The Health District confirmed Wednesday that the local woman who died of West Nile virus on Tuesday was not infected while in Corpus Christi.
The woman, who was between the ages of 45-60, was the first West Nile fatality in Nueces County. The City-County Health Department said that she had some underlying medical problems, as well.
"The patient had been out of the city," said Dr. William Burgin, the City-County Health Director. "She had been visiting Austin, and based on the incubation period of West Nile, it could be, you know, that she became infected elsewhere other than here in Corpus."
Yet another confirmed case was identified in Nueces County on Wednesday, the second in the last three weeks. The latest patient is in the hospital and recovering. In the first confirmed case, the person was hospitalized and recovered as well.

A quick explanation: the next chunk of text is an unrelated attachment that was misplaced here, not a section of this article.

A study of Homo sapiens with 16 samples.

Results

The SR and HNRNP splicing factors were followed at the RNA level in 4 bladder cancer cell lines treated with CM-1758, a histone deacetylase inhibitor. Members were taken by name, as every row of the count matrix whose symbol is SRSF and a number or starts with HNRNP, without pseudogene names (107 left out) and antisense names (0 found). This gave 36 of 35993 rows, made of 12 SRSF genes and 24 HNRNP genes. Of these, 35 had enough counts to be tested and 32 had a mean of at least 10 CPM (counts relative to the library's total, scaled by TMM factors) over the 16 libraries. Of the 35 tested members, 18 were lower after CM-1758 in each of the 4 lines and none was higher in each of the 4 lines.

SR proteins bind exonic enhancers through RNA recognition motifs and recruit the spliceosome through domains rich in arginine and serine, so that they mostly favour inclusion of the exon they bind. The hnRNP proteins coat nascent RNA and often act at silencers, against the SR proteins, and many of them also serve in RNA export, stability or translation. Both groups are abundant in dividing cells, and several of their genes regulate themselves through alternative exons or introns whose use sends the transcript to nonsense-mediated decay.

Burgin said, while we should all take precautions against mosquitos, the chances of coming down with West Nile virus are slim.
"Eighty-percent of the people that get bitten don't get any sign of the disease at all," Burgin said. "Of the 20-percent that do show some signs, it's kind of a West Nile fever thing. It's like the flu. A little achy and so on, but you wouldn't suspect, 'Hey, I've got West Nile,' because it's just like another other flu."
It's a murky, smelly liquid that attracts female mosquitoes into the 27 traps set out each week by Vector Control all across the city. Tony Pantoja of Vector Control said those traps give them a snapshot of how widespread the mosquito problem is in Corpus Christi.
He said there are extra steps we can all take to make our homes a little safer.
"All I can suggest to people is to dump out, in the area, all the water out," Pantoja said. "And plus, they can use some Raid Yard Guard to help them, also. Use that in the brush area and it will get rid of all the mosquitos."
Around the country, 66 people have died from West Nile virus infections this year, and the number of human cases has grown to almost 1,600 people.